Earth’s Magnetic Field is Actually a Solar-Wind Shredder
At one point in time, Mars – arguably the most similar planet to Earth in our solar system – wasn’t the frozen desert we know today. In fact, researchers suggest that oceans and rivers once existed on its surface before solar winds from the Sun completely wiped them out.
Mars’ magnetic field is believed to have disappeared over the span of 100 million years. Without it, the planet could no longer protect itself from solar winds and – in turn – all water disappeared.
With 70 percent of its surface covered by water, Earth obviously doesn’t have that problem. The planet’s powerful magnetic field allows it to travel through dark space at 67,000 miles-per-hour virtually unaffected by plasma particles ejected from the sun. But even calling the magnetic field powerful doesn’t do its strength complete justice.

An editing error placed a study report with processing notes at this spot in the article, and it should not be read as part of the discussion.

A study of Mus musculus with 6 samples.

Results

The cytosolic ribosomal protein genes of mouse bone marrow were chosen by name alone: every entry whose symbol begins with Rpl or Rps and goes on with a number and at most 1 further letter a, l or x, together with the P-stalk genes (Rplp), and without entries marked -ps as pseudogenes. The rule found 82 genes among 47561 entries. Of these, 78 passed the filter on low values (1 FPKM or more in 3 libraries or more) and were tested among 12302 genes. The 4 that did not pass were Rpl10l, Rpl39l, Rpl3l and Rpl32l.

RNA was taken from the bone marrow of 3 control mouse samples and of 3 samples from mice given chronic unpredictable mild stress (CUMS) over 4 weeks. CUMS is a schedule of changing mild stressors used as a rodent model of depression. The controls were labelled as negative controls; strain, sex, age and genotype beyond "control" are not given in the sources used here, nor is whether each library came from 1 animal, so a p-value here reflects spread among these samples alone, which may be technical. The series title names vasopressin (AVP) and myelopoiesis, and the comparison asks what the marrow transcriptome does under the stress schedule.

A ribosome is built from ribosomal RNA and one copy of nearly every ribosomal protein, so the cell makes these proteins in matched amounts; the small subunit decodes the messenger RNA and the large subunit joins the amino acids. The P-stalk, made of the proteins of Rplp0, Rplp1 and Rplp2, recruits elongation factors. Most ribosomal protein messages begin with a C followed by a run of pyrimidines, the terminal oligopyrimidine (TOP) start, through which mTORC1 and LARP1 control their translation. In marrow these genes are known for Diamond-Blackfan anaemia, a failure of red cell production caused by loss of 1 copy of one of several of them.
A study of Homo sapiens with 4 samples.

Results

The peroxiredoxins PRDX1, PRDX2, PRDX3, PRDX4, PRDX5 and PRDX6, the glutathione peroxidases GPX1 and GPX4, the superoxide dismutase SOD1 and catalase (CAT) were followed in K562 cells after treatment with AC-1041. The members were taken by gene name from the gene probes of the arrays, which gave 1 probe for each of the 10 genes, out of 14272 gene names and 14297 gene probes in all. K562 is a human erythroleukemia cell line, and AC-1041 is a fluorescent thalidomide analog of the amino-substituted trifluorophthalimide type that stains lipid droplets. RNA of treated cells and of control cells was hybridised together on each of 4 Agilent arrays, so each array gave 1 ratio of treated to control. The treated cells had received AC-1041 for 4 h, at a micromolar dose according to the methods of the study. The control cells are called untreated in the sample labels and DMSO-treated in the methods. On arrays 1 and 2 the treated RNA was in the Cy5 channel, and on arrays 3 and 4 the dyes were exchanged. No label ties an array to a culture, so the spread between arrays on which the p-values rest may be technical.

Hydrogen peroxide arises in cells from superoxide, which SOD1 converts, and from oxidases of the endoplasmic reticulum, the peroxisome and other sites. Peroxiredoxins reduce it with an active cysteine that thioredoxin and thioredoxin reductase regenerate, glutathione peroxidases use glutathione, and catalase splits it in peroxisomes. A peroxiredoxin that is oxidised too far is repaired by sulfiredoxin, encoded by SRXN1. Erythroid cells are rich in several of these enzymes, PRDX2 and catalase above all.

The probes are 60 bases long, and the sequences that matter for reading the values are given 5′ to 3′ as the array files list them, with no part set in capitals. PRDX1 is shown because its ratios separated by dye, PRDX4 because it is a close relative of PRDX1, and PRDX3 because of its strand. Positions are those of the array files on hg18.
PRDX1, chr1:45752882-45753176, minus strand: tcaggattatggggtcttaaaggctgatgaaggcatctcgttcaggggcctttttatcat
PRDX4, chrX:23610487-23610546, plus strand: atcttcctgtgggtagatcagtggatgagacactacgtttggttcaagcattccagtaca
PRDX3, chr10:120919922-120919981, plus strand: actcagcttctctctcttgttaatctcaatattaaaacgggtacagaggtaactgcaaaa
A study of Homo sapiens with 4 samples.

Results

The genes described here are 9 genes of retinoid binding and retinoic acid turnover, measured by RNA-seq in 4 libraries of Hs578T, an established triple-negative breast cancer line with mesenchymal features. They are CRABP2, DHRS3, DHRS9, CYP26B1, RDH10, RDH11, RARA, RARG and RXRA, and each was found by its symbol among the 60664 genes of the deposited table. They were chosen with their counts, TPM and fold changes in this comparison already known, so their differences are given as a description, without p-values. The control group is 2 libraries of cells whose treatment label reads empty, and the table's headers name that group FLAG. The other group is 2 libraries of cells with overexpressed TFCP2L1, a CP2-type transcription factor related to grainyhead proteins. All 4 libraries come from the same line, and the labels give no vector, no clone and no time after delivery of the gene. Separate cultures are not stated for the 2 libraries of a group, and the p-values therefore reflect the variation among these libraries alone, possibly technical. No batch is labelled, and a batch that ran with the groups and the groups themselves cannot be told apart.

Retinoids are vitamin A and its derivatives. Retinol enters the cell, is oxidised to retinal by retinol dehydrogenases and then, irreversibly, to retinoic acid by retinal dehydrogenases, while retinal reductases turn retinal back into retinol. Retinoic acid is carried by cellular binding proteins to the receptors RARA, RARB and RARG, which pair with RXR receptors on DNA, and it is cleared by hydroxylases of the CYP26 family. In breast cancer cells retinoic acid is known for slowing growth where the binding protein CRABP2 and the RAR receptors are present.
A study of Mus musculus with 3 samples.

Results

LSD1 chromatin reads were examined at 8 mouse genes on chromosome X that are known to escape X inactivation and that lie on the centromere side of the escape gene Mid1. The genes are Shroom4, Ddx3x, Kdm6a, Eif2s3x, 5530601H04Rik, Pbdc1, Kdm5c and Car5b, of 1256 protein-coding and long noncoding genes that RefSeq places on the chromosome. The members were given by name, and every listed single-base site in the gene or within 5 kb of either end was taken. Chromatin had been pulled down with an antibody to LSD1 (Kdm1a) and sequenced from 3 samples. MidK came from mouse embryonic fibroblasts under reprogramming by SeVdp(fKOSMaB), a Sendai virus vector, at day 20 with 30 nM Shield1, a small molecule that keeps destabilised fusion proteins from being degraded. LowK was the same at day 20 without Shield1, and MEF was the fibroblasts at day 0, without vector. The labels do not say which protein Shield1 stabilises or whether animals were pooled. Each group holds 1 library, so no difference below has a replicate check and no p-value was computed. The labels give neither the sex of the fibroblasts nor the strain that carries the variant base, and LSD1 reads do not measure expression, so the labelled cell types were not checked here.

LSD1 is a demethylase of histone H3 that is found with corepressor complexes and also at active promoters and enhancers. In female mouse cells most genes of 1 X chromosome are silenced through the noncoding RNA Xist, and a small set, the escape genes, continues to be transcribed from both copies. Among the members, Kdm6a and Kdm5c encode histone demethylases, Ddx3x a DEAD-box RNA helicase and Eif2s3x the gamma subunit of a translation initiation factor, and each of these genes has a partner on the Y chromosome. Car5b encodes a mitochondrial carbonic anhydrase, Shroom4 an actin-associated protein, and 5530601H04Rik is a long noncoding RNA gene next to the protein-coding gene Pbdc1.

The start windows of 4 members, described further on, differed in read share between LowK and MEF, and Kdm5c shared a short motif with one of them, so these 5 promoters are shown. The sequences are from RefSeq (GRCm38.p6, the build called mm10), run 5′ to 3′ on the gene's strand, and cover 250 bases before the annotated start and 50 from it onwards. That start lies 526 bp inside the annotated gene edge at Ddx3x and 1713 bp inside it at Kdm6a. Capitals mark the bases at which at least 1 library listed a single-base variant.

For a better depiction, envision an ocean at night during a dark and turbulent storm. That’s space. Earth, on the other hand, is a speeding boat fighting its way against harsh currents to remain afloat. The boat relies on its back-end bow to rip through the water as it moves forward through crashing waves. Earth’s magnetic field is that shredding machine. Researchers call it the “bow shock” theory.
Researchers have long suspected that we can thank this bow shock for reducing the scorching solar wind into the mild breezes we feel on Earth.
"As the solar wind crashes into Earth's magnetic field, the bow shock protects us by slowing down this wind and changing it to a nice, warm breeze," lead study author Li-Jen Chen, an astronomer at the University of Maryland, said in a statement. "We now have a better idea how this happens."